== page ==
My partner is a man who likes his rice and beans.
Specifically, he likes his rice and beans on Sunday.
According to him, it’s the only acceptable meal to serve on a Sunday evening. (I’ve tried serving other foods, but he was NOT amused.)
So it was with dismay I discovered I only had about a cupful of dried red kidney beans – on a Sunday.
Then I remembered a chili we do in the South called “White Lightning Chili.” It’s a variation of white chicken chili, which is – you guessed it, chicken or faux chicken chili with white beans. Although this chili tastes good, unfortunately it is rather relentlessly beige and not very appetizing to look at. Add the usual beige chili accompaniments – cornbread or corn chips – and it gets even worse. The best a cook could do was dump a cup of green cilantro on top and serve in dim lighting.
Then some enterprising cook came up with the idea of mixing the white beans with darker pintos or kidney beans – the white beans being the “lightning” in the dark pinto bean “sky”. This immediately became popular because – well, it was just a heck of a lot more attractive than a mushy beige stew. Also, people could turn their lights back on as they ate.
I reckoned adding white beans to rajma just might work. Indian cuisine is famous for the creative mixing of beans and dals, anyway. At any rate, it seemed safer than serving Mr. Pickypants a salad.
The rajma turned out wonderfully. It looked striking and tasted delicious. Although the taste was only slightly different than red kidney bean rajma, the white beans did add significant creaminess to the texture. Even Mr. Pickypants grudgingly admitted, “it’s not bad,” and then proceeded to eat three bowls.
This recipe makes a generous amount – about 8 servings. You could make less, but I’ve rarely served rajma to anyone who didn’t take a second serving. Leftovers reheat easily in a small pot on the stove – just add a little water as it thickens a bit in the fridge. And it freezes beautifully. So go ahead and make a big batch.
Oh, and it’s “accidentally” vegan – and gluten-free.
Ingredients for White Lightning Rajma Masala:
- 1 cup Light or Dark Red Kidney Beans, sorted and rinsed
- 1 Cup Cannellini Beans, sorted and rinsed
- 2 tablespoons Vegetable Oil
- 2 Yellow Onions, diced
- 5 Garlic Cloves, pressed, or 1 heaping tablespoon Garlic Paste
- 1 tablespoon finely chopped Ginger Root, or 1 heaping tablespoon Ginger Paste
- 3-5 small Thai Green Chili Peppers, diced*
- 1 or 2 Roma Tomatoes, chopped, or a large Summer Tomato
- 1 TBL Sea Salt
- 1 teaspoon Ground Cumin
- 1 teaspoon Ground Coriander
- 1/1 – 1 teaspoon Red Chili Powder* (made from red chilis, not the spice blend you use to make chili)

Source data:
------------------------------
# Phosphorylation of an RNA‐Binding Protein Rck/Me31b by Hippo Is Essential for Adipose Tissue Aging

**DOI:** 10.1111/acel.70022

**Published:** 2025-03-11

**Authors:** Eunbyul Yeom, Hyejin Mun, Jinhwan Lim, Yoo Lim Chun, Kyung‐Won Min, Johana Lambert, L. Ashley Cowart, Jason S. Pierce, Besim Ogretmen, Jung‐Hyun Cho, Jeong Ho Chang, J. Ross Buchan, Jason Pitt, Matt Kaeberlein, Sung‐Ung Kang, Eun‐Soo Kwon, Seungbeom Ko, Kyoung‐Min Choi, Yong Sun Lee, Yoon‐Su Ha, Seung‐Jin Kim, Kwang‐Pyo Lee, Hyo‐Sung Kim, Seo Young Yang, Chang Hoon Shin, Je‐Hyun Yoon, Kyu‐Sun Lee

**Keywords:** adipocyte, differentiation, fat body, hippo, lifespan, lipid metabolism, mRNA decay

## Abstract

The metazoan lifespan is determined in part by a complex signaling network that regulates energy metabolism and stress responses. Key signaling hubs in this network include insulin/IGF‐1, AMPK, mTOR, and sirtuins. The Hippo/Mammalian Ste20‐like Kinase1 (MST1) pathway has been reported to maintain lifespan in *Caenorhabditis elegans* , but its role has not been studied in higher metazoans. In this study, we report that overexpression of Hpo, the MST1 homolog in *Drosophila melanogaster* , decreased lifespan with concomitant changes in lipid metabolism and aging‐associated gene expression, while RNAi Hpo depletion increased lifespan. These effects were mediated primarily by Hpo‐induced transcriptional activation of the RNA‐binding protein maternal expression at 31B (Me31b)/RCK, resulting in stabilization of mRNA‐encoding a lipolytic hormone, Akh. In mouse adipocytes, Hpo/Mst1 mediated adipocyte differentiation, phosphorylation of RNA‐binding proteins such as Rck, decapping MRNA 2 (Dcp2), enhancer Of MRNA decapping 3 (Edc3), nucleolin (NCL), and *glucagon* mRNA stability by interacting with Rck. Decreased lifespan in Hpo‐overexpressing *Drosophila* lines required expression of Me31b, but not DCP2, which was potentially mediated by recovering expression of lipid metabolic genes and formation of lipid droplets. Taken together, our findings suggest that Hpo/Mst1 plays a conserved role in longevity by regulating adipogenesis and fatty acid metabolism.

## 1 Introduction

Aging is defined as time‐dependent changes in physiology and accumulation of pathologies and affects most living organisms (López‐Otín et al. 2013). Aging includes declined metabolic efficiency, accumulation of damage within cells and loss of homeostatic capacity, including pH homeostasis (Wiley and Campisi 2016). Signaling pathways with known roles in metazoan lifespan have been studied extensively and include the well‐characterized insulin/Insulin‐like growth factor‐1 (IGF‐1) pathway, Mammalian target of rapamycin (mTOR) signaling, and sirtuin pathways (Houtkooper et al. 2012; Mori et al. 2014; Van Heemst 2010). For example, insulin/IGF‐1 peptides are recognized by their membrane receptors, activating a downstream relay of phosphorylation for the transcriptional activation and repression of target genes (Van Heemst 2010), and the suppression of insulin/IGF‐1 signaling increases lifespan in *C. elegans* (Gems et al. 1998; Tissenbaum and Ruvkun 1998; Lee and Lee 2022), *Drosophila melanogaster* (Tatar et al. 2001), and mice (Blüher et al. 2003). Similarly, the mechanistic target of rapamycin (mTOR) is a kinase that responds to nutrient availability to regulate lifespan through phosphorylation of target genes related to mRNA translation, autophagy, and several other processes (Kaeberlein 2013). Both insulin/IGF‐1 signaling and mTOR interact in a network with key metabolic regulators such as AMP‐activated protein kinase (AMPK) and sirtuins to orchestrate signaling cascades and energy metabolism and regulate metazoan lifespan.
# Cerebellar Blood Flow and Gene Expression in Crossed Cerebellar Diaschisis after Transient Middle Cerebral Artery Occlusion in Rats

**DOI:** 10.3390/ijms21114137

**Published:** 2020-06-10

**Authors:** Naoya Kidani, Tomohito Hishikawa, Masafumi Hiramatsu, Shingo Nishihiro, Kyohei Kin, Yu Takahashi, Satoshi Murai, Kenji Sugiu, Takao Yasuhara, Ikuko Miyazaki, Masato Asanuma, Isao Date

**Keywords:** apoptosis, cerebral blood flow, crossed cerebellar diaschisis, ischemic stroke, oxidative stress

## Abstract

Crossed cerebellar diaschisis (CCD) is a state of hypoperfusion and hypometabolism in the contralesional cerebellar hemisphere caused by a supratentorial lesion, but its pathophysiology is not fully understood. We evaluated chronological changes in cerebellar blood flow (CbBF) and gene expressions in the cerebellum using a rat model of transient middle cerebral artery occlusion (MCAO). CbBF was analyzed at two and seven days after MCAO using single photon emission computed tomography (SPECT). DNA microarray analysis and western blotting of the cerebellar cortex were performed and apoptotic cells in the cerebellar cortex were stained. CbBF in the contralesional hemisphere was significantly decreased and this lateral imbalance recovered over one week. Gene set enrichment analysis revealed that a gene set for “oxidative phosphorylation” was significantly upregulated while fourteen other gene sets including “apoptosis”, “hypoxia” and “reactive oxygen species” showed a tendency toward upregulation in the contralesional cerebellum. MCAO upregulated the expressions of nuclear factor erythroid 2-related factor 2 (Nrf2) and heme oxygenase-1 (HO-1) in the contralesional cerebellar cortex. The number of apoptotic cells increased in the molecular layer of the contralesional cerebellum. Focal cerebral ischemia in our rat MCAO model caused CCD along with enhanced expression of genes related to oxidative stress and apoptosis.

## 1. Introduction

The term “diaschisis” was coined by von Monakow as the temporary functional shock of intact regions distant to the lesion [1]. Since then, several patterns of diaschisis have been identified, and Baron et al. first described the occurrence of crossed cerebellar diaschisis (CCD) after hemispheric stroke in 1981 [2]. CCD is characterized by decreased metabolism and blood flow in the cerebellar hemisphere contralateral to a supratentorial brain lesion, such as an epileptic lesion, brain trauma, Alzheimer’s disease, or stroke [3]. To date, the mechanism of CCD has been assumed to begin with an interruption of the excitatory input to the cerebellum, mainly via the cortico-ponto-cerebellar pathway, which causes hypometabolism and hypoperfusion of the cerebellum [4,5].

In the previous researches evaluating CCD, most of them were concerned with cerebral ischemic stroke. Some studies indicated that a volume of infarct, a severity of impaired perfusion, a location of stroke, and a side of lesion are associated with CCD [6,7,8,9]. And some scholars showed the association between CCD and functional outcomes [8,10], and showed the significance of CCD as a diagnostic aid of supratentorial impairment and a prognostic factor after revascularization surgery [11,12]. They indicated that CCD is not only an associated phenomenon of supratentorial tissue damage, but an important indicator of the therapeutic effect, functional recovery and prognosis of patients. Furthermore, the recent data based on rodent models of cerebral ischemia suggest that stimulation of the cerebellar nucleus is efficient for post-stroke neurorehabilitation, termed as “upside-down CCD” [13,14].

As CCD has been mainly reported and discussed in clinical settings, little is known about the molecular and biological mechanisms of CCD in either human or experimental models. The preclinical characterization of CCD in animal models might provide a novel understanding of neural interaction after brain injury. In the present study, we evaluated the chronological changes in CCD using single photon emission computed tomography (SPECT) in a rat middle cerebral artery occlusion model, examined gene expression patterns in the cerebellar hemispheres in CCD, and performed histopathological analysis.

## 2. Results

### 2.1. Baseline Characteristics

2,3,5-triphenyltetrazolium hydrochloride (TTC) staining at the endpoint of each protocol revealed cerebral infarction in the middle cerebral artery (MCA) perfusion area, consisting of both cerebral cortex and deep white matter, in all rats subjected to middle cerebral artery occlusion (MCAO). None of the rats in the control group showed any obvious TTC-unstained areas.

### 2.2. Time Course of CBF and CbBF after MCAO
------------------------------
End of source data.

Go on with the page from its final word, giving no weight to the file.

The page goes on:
- 1-2 teaspoons Garam Masala (not curry powder)
- Cooked Rice, for serving
- Handful fresh Cilantro, chopped, for garnish (optional)
Directions for White Lightning Rajma Masala
Sort and wash the red and white kidney beans, then cover with water and let the beans soak 6-10 hours. If I’m making this on Sunday, I usually start the beans soaking right after breakfast. If I’m making this on a weekday, I’ll set the beans to soaking right before I leave for work. Be sure there’s several extra inches of water covering the beans – they will SWELL.
When you’re ready to cook, drain the soaking water and add enough fresh water to cover the beans, plus a few cups extra. You want the final product to be a little “soupy” since you’ll be serving it over rice.
If using a pressure cooker, the beans will usually take about six whistles to cook (about 25 minutes or so). You can tell when the beans start getting done because the water that releases with the steam will start to turn brown. If simmering the beans in a regular pot on the stove, plan on the beans taking at least 90 minutes to cook.
While the beans are cooking, make the onion masala. In a large frying pan over medium-high heat, saute the onions and green chili peppers in vegetable oil, about 5 minutes, stirring occasionally.
Add the garlic and ginger and cook for another 5 minutes, until the onions start to turn golden brown.
Sprinkle the cumin, coriander, salt, and red chili powder over the onions and stir to incorporate, about a minute. Keep stirring so the spices don’t burn. By now your kitchen should smell fantastic!
Add the chopped tomatoes. Stir, then reduce heat and cook for another 10 minutes or so, stirring occasionally. Cook until the tomatoes are mushy and even the skin has started to disintegrate a little.
The beans are done when they are soft and the water looks a little “brothy” or gravy-like. Add the masala mixture to the beans as well as 1-2 teaspoons garam masala, and simmer on low heat another 10-20 minutes to meld the flavors.
Taste; you may need to add more salt.
Serve over basmati rice and top with chopped cilantro. Mango pickles are especially nice with this.
As always, adjust heat and spices to your taste. If you have a mild palate, use less hot green peppers and red chili powder.
If you can’t find thai green chili peppers, serrano peppers would be my next choice. (Jalapeno peppers taste a little too much like bell peppers for my liking.) Or, omit the peppers and just increase the red chili powder a bit.
Know your garam masala. I find that garam masala purchased at an Indian grocery is usually much more pungent and flavorful than a supermarket brand like McCormick’s. So, depending on brand I may use more or less. If in doubt, start with a teaspoon – you can always add more!
If you need help making rice, click this link for Jeera (Cumin-Scented) Basmati Rice where I give detailed instructions. If you’re interested in another recipe that combines beans and lentils, check out October Gold and Black Dal.